Does it matter how straight authors render queerness?
I’ve been paying a lot of attention lately to characters in novels who don’t share their author’s (visible) identity. I’m thinking specifically about when cisgender straight women write about queer communities. I recently came across this quote from Hanya Yanagihara in an interview she did with Filthy Dreams, and it provoked many questions:
“I can’t stand it when I’m reading a book and in comes a character who’s gay and I know that that character is therefore going to be sassy and snappy and deliver bitchy-but-wise pieces of romantic advice (this still pops up in fiction more than you might think; sometimes as broadly as I’ve described it, other times more subtly). You have to ask yourself: why am I making this person someone other than who I am, and who else are they to me besides their otherness? If that’s the only thing you can see of them, and the only thing you have determined about them, then chances are they’re not a character: they’re a symbol of your own discomfort. And symbols are boring to read.”
I wonder if the average reader notices when a queer character isn’t a fully formed individual but rather a limited representation of what a straight author understands about queerness. If a reader can spot such a transparent character — one who seems mostly a product of a cishet author’s discomfort or ignorance — how does the author avoid creating that figure in the first place?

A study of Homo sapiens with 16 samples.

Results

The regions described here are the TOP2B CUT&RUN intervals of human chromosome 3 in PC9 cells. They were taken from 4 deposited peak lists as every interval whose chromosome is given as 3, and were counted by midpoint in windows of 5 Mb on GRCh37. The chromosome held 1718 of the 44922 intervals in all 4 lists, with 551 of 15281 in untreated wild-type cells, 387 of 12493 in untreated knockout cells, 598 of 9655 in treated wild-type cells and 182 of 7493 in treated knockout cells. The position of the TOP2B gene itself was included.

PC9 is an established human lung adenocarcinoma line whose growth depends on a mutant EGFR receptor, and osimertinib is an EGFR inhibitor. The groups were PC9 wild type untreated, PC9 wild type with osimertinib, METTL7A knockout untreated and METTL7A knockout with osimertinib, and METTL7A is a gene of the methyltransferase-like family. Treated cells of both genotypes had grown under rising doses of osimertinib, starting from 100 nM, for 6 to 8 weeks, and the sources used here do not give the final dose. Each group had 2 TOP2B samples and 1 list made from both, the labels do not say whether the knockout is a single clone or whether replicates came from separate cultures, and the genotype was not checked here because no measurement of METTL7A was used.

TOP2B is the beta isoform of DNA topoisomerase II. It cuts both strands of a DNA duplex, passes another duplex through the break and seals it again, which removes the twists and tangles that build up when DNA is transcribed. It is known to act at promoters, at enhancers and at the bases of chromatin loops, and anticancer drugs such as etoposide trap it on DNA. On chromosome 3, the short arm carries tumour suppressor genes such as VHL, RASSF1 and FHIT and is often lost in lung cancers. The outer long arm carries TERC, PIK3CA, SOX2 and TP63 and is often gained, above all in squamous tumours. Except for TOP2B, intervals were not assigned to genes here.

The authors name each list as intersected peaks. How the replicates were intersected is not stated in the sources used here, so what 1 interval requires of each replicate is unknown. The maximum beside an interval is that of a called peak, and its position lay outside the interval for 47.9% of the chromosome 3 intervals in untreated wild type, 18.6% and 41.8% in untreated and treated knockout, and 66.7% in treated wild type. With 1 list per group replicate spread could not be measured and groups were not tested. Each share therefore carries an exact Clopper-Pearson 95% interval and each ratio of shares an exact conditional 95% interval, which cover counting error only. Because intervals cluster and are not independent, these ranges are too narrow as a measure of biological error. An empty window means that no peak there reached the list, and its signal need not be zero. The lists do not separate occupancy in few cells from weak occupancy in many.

I also find myself paying close attention to what circumstances queer characters are given. How do their themes/plotlines inform the rest of the story, and what impression do they leave on a reader? Is queerness simply a vehicle to move the plot forward, or does the author seem truly to want an authentic gay/queer character in the story?
I offer these two options because I find it’s usually an either/or proposition; rarely do both alternatives successfully coexist. The way I view my queerness is that it exists naturally and in tandem with everything around me. I am a lesbian, but that doesn’t mean I struggle with masculinity — as is often assumed in the cishet stereotype.
What I’m getting at is this: Why would anyone want to center a community they’re not part of in their work? I’m not saying they shouldn’t; I’m just not sure why they’d bother. But does it even matter as long as we as readers trust ourselves to discern when a particular character is more a caricature than a fleshed-out individual?
I don’t have the answers, but I know it’s important that we in the literary community keep asking the questions.
Lupita Aquino — better known as Lupita Reads — is the co-founder and current lead of LIT on H St. Book Club at Solid State Books. She is a passionate reader active in both the local and online book community through her Instagram blog, @Lupita.Reads. You can also catch her tweeting about books over at @lupita_reads.